The Mayor of Casterbridge By Thomas Hardy Chapter 41 - Henchard Lies to the Captain

"Well, it was not in my heart to undeceive her when the deed was done," said the sailor of former days. "I thought, and there was not much vanity in thinking it, that she would be happier with me. She was fairly happy, and I never would have undeceived her till the day of her death. Your child died; she had another, and all went well. But a time came — mind me, a time always does come. A time came — it was some while after she and I and the child returned from America — when somebody she had confided her history to, told her my claim to her was a mockery, and made a jest of her belief in my right. After that she was never happy with me. She pined and pined, and socked and sighed. She said she must leave me, and then came the question of our child. Then a man advised me how to act, and I did it, for I thought it was best. I left her at Falmouth, and went off to sea. When I got to the other side of the Atlantic there was a storm, and it was supposed that a lot of us, including myself, had been washed overboard. I got ashore at Newfoundland, and then I asked myself what I should do.

"'Since I'm here, here I'll bide,' I thought to myself; ''twill be most kindness to her, now she's taken against me, to let her believe me lost, for,' I thought, 'while she supposes us both alive she'll be miserable; but if she thinks me dead she'll go back to him, and the child will have a home.' I've never returned to this country till a month ago, and I found that, as I supposed, she went to you, and my daughter with her. They told me in Falmouth that Susan was dead. But my Elizabeth-Jane — where is she?"

"Dead likewise," said Henchard doggedly. "Surely you learnt that too?"

The sailor started up, and took an enervated pace or two down the room. "Dead!" he said, in a low voice. "Then what's the use of my money to me?"

Henchard, without answering, shook his head as if that were rather a question for Newson himself than for him.

"Where is she buried?" the traveller inquired.

"Beside her mother," said Henchard, in the same stolid tones.

"When did she die?"

"A year ago and more," replied the other without hesitation.

The sailor continued standing. Henchard never looked up from the floor. At last Newson said: "My journey hither has been for nothing! I may as well go as I came! It has served me right. I'll trouble you no longer."

Henchard heard the retreating footsteps of Newson upon the sanded floor, the mechanical lifting of the latch, the slow opening and closing of the door that was natural to a baulked or dejected man; but he did not turn his head. Newson's shadow passed the window. He was gone.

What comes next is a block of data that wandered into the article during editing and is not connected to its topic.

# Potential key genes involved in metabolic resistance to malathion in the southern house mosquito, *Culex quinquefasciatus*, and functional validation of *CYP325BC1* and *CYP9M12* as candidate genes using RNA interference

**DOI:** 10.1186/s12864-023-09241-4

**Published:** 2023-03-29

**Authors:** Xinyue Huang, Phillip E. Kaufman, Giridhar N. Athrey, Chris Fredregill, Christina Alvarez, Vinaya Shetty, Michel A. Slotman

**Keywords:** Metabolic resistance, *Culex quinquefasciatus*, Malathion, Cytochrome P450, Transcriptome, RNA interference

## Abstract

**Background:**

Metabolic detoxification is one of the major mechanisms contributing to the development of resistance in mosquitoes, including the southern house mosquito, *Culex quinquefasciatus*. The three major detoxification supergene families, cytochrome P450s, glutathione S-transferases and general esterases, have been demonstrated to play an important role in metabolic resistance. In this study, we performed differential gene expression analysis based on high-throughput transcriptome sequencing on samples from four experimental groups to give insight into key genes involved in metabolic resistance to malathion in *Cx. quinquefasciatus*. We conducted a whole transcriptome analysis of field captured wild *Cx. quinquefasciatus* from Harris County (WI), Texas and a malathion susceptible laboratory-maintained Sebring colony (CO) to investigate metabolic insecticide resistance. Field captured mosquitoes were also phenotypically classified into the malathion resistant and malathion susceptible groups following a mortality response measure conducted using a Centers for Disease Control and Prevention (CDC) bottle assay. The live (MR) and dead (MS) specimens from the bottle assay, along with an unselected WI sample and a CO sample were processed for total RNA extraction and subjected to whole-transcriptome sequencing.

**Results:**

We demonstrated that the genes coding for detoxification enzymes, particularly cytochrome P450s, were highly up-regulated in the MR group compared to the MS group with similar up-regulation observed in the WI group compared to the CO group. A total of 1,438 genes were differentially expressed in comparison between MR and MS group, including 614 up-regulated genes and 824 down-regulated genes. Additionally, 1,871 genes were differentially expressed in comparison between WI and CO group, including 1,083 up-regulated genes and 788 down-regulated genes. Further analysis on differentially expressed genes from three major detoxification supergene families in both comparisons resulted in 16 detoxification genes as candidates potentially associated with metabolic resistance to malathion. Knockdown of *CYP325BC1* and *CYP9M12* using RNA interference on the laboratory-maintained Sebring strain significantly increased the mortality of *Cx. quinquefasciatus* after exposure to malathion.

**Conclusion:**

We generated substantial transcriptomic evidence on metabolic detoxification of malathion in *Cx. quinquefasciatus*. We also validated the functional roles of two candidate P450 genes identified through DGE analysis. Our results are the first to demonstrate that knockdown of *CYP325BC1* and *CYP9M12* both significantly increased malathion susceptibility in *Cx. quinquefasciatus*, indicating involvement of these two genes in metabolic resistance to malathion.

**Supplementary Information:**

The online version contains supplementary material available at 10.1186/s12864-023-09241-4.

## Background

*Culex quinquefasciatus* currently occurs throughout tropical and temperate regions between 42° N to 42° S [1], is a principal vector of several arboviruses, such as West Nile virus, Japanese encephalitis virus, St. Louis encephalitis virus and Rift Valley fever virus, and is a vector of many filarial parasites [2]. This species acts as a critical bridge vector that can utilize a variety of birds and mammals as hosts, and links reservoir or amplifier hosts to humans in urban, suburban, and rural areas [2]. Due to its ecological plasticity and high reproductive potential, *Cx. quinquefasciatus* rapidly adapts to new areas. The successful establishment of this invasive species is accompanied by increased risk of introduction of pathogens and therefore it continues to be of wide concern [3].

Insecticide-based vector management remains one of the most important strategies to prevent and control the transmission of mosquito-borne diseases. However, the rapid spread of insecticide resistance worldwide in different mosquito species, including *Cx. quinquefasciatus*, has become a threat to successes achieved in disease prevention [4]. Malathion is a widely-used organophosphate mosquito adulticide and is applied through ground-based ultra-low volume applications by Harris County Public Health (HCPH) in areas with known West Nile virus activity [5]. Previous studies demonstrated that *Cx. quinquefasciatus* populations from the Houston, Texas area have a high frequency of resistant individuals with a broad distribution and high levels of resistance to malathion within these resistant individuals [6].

Then Henchard, scarcely believing the evidence of his senses, rose from his seat amazed at what he had done. It had been the impulse of a moment. The regard he had lately acquired for Elizabeth, the new-sprung hope of his loneliness that she would be to him a daughter of whom he could feel as proud as of the actual daughter she still believed herself to be, had been stimulated by the unexpected coming of Newson to a greedy exclusiveness in relation to her; so that the sudden prospect of her loss had caused him to speak mad lies like a child, in pure mockery of consequences. He had expected questions to close in round him, and unmask his fabrication in five minutes; yet such questioning had not come. But surely they would come; Newson's departure could be but momentary; he would learn all by inquiries in the town; and return to curse him, and carry his last treasure away!

He hastily put on his hat, and went out in the direction that Newson had taken. Newson's back was soon visible up the road, crossing Bull-stake. Henchard followed, and saw his visitor stop at the King's Arms, where the morning coach which had brought him waited half-an-hour for another coach which crossed there. The coach Newson had come by was now about to move again. Newson mounted, his luggage was put in, and in a few minutes the vehicle disappeared with him.

He had not so much as turned his head. It was an act of simple faith in Henchard's words — faith so simple as to be almost sublime. The young sailor who had taken Susan Henchard on the spur of the moment and on the faith of a glance at her face, more than twenty years before, was still living and acting under the form of the grizzled traveller who had taken Henchard's words on trust so absolute as to shame him as he stood.

Was Elizabeth-Jane to remain his by virtue of this hardy invention of a moment? "Perhaps not for long," said he. Newson might converse with his fellow-travellers, some of whom might be Casterbridge people; and the trick would be discovered.

This probability threw Henchard into a defensive attitude, and instead of considering how best to right the wrong, and acquaint Elizabeth's father with the truth at once, he bethought himself of ways to keep the position he had accidentally won. Towards the young woman herself his affection grew more jealously strong with each new hazard to which his claim to her was exposed.